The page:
From the bar to the spa, cruise guests are spending money

As passengers return to the seas this summer, many are doing so with a pent-up desire not just to cruise but to spend.

Cruise companies are reporting record per-passenger onboard sales, bringing a welcome lift to revenues in a year otherwise defined by significantly reduced capacity and departures.

Why have purse strings loosened? Cruise line executives believe that cruisers, having gone so long without traveling, are making up for lost time at the bar, for shore tours, at the spa and in the casino. 

Royal Caribbean Group and Norwegian Cruise Line Holdings (NCLH) both said during earnings calls in August that that high onboard spending had pushed profits on early, low-capacity sailings. 

Jason Liberty, Royal’s CFO, cited “record onboard revenue” on those ships. 

“This is very encouraging as we are not only seeing pent-up demand for cruises, but we are also seeing pent-up demand for our onboard revenue experiences. Guests are really enjoying our shore excursions, casinos, spas and restaurants after spending a year in isolation,” Liberty said. “We are also seeing an increased demand for our WiFi services as more and more consumers have flexibility to take vacations and work remotely.”

Frank Del Rio, CEO of NCLH, said that on the Norwegian Jade sailings in the Mediterranean, “onboard revenue was through the roof” and “significantly exceeded our target, which was focused on 2019 actual results, by over 50%.” 

Windstar Cruises, which launched ships in the Caribbean and Europe in June, said that its sailings experienced “strong spending onboard and are typically surpassing goals.” 

Bar revenue on its ships is up by more than 30% compared with pre-pandemic sailings, and most people are booking beverage packages, the line said. Shore excursion purchases are up, and the Star Boutique, the new and expanded shop on Windstar’s recently renovated Star Breeze, is “exceeding sales goals by more than 25% on a daily basis.” 

Several ships have re-entered service and several more will follow this fall and winter. 

American Cruise Line’s vice president of trade relations, Susan Shultz-Gelino, said that the line has seen “an increase in guests booking our more specialized excursions, which cost extra. … Plus many guests are extending their cruises by upgrading from our one-night complimentary hotel stays to longer pre- and post-cruise packages.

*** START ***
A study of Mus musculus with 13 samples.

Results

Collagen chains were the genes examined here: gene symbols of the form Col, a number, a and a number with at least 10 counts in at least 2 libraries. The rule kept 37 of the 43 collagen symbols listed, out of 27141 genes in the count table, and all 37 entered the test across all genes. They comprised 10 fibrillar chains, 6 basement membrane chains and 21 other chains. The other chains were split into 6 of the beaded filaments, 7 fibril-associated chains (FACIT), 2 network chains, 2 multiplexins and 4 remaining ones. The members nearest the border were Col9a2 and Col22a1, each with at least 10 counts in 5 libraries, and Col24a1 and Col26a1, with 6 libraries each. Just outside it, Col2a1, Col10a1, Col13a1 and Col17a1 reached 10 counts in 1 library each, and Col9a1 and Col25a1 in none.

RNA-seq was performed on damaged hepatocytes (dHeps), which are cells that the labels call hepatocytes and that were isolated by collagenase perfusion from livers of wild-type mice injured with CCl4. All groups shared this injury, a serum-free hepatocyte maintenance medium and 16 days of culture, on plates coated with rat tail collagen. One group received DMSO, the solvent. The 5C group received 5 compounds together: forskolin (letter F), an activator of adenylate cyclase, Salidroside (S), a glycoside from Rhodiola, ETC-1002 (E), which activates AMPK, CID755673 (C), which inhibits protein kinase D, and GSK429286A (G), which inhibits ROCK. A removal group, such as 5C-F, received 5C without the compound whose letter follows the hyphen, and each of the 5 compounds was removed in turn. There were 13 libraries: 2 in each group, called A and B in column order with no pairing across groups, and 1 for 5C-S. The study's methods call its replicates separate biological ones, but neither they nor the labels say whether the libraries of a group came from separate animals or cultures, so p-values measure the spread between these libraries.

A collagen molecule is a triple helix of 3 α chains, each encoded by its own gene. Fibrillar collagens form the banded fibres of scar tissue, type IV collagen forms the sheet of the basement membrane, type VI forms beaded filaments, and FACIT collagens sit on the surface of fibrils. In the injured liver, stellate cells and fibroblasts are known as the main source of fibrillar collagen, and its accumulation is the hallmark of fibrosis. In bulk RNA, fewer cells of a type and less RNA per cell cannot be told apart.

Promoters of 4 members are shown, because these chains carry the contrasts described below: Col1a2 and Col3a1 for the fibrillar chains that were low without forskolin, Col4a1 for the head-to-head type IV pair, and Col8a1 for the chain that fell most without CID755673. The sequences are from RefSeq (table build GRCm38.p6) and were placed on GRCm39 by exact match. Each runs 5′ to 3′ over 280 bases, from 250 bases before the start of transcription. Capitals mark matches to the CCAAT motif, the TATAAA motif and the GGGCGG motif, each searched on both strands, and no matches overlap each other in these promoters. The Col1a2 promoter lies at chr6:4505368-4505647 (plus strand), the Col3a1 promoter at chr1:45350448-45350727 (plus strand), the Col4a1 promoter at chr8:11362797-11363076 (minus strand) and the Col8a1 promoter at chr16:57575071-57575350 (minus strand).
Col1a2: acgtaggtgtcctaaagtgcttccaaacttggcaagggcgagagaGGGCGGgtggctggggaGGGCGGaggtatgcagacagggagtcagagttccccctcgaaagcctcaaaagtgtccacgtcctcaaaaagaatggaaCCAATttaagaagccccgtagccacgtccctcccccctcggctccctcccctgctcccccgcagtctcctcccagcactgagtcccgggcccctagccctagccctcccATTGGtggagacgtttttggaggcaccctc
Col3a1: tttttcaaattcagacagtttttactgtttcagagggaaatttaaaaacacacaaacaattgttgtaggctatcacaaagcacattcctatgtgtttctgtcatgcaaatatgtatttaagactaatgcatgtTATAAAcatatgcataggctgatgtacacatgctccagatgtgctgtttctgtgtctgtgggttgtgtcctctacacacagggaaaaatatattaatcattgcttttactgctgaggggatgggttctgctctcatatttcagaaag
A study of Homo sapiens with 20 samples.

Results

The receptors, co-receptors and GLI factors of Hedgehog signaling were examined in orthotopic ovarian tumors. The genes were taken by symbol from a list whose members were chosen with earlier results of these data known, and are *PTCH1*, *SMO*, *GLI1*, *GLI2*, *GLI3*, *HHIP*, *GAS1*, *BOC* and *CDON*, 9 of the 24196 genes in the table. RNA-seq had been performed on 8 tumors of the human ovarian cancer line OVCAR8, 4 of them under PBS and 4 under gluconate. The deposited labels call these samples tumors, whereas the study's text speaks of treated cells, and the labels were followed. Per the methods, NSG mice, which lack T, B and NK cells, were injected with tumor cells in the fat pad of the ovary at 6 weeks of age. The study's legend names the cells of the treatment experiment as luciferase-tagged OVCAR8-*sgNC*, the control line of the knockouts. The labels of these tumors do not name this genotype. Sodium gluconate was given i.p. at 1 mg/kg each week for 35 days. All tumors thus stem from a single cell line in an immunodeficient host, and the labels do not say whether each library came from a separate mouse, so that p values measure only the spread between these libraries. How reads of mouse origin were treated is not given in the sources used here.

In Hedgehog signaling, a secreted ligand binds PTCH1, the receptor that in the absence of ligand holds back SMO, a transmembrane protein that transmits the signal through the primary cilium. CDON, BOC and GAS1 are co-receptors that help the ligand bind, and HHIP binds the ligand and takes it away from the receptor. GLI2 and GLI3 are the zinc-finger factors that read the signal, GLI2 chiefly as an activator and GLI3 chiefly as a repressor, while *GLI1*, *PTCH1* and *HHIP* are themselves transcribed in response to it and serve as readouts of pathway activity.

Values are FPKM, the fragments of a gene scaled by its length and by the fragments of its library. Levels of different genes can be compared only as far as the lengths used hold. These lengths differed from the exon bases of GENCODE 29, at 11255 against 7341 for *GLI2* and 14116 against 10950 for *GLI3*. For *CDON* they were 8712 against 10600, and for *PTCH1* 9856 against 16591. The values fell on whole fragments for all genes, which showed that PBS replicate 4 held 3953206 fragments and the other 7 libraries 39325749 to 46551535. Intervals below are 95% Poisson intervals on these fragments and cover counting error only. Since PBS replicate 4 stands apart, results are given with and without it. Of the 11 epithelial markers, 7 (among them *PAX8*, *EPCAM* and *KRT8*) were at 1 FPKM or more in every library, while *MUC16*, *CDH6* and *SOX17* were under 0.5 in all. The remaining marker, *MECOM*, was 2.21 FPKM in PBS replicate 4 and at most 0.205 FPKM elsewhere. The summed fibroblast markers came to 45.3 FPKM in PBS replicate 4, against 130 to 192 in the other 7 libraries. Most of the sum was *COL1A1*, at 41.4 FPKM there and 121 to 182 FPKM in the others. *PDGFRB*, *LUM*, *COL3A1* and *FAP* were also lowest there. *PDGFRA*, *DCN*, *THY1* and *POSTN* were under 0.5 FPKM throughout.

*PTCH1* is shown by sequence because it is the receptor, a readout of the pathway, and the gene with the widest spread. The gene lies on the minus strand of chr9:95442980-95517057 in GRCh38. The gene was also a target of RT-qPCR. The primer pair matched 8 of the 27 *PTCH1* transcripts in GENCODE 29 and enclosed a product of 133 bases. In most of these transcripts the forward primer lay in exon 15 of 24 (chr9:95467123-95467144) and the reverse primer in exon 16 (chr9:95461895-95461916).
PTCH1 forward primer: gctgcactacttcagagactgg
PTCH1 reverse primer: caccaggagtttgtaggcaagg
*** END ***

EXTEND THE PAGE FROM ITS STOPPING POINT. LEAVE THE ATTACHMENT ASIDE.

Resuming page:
“Demand for super-unique, small-group experiences is booming,” she said. 

NCLH’s onboard revenue spike is based on the one ship it had sailing at the time it reported Q2 earnings, the Norwegian Jade. CFO Mark Kempa said the comparison was to a similar itinerary from 2019, a record year for onboard spending. The Jade’s passengers were predominantly from the U.S., followed by Europeans. 

“When you look at the spending trends, it was in your normal areas,” he said. “Shore excursions were very intense, food and beverage and then casino. 

“While it’s early, it is certainly very, very encouraging,” he said. 

Among the reason some lines may see a boost in shore excursion sales is that, for the first time, guests on some ships and at some ports can only get off the ships on shore excursions.

Throughout the spring and summer, consumer spending power has strengthened broadly, with the Federal Reserve saying that U.S. household wealth was at a record high in March and bank account balances have been bolstered by government aid. 

It jibes with what travel advisors had reported seeing with bookings all year long: Clients are willing to spend up on their cruises, either because of the strength of the economy or because they have vacation budget to spare. They may also be taking into consideration the value of their future cruise credits: By getting a 25% discount on their cruise, they may be emboldened to spend more on the ship.